Aug 17, 2012
Hart District Council is taking a firm stance on restaurants that don’t comply with gas regulations.
15 commercial kitchens in the Hampshire district of Hart have been closed this summer after council inspectors found they had gas leaks or unsafe gas appliances.
Hart District Council began a project in May to identify unsafe gas appliances and pipe work in catering establishments across the district.
Figures released by the council suggest local food outlets are in dire need of help from suppliers and distributors to ensure they are complying with the latest gas guidelines when using commercial catering equipment.
Out of 50 inspections of gas appliances that have now taken place, eight premises were closed by the Gas Emergency Service due to gas leaks. Another seven were closed either voluntarily or through the service of a prohibition notice.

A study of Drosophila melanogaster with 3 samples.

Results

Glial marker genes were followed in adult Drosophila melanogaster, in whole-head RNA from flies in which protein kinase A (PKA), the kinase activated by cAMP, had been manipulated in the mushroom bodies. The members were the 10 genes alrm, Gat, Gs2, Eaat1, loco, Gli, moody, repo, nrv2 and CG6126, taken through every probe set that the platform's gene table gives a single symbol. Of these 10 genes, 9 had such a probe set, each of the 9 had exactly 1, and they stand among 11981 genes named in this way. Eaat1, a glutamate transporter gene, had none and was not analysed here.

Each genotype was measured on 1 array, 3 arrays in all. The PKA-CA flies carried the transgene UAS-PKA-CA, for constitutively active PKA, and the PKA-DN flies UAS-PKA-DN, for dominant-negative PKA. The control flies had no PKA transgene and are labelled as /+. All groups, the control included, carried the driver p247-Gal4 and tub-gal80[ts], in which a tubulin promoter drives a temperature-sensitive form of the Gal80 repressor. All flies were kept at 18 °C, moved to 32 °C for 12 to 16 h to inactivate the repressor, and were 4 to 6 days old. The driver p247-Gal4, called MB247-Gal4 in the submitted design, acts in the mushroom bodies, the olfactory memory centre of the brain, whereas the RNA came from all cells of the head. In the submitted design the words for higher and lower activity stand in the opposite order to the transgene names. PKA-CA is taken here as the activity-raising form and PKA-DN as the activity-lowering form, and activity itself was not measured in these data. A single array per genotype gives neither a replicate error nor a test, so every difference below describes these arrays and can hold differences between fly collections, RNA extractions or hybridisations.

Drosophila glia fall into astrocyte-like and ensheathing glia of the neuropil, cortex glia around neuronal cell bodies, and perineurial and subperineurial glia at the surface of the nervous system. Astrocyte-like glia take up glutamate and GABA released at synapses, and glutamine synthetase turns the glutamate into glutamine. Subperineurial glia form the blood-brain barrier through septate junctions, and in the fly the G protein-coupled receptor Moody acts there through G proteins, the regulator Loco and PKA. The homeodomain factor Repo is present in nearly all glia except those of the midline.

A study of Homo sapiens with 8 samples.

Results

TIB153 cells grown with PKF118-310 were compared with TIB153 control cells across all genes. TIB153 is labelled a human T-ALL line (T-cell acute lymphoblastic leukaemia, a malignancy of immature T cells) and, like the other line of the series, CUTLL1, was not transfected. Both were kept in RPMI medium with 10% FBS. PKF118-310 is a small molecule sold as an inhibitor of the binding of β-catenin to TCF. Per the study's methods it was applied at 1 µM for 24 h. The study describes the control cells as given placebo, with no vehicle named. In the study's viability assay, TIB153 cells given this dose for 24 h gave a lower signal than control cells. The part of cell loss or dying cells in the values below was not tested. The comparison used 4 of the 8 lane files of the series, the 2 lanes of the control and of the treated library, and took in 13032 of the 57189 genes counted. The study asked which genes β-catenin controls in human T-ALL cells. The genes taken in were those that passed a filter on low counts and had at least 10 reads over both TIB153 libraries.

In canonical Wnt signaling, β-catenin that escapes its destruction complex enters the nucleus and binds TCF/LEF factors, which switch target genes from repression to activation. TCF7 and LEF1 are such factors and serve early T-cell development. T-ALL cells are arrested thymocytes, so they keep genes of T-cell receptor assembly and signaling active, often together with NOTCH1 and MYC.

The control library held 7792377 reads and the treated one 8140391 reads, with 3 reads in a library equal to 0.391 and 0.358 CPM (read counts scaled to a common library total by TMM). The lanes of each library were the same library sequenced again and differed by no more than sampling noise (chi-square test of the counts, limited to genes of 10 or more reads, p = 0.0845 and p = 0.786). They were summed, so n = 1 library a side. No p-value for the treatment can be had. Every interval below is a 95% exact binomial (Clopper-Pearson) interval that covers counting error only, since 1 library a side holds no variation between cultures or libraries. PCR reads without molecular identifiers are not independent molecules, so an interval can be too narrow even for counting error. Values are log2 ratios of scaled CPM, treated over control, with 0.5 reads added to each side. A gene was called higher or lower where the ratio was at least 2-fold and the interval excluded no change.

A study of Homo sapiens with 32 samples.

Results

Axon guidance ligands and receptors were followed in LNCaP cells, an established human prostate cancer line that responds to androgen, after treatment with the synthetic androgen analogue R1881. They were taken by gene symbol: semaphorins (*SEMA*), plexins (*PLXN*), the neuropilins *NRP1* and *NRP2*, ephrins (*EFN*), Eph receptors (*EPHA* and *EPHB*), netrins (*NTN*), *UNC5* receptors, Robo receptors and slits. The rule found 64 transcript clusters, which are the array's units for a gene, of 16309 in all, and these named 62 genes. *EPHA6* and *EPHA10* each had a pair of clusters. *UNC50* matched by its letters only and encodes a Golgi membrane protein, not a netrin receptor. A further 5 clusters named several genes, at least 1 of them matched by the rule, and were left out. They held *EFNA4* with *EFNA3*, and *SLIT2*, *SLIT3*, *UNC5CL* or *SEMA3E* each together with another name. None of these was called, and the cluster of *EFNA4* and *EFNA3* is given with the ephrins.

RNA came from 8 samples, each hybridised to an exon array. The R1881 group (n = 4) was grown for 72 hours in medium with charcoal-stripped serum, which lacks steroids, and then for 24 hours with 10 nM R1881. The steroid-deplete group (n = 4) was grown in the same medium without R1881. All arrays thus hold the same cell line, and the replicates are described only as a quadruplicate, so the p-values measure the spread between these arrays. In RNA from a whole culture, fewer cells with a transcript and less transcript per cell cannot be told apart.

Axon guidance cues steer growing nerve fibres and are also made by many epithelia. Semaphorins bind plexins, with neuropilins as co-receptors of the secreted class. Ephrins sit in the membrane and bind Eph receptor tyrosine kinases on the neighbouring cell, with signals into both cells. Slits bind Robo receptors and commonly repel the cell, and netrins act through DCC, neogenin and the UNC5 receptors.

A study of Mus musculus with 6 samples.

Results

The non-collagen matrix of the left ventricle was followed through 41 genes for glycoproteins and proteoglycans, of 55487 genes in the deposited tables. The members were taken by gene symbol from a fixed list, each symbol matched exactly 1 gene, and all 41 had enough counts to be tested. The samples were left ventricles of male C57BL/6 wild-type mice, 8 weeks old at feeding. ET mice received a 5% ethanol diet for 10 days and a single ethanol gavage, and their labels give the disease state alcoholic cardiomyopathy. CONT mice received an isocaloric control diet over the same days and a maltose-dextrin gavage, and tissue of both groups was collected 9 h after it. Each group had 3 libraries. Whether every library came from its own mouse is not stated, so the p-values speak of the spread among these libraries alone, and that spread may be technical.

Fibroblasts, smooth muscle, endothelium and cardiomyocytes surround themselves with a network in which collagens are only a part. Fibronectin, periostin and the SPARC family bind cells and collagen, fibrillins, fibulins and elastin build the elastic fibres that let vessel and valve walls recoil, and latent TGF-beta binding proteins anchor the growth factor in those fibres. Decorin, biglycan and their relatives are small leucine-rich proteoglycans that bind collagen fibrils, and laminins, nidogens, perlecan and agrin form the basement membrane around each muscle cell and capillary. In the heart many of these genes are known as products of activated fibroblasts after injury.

Six improvement notices were also served where equipment was found to be ‘at risk’.
In addition, two unregistered gas engineers were found to be working in the area and another two were working on appliances for which they were not qualified.
The number of companies failing gas inspections is particularly concerning given that all commercial catering premises were written to before the inspections took place, informing them of the campaign and their obligations to make sure that gas installations and appliances were safe.
Councillor John Kennett, portfolio holder for community safety, licensing and environmental health, said: “The Council prefers to guide and educate kitchen operators about ensuring that their equipment poses no dangers but when they take no notice of advisory letters then we have a duty, to both employees and members of the public, to ensure that premises are safe.”
Visits were carried out in conjunction with Gas Safe engineers with prohibition notices being served where appliances were considered immediately dangerous.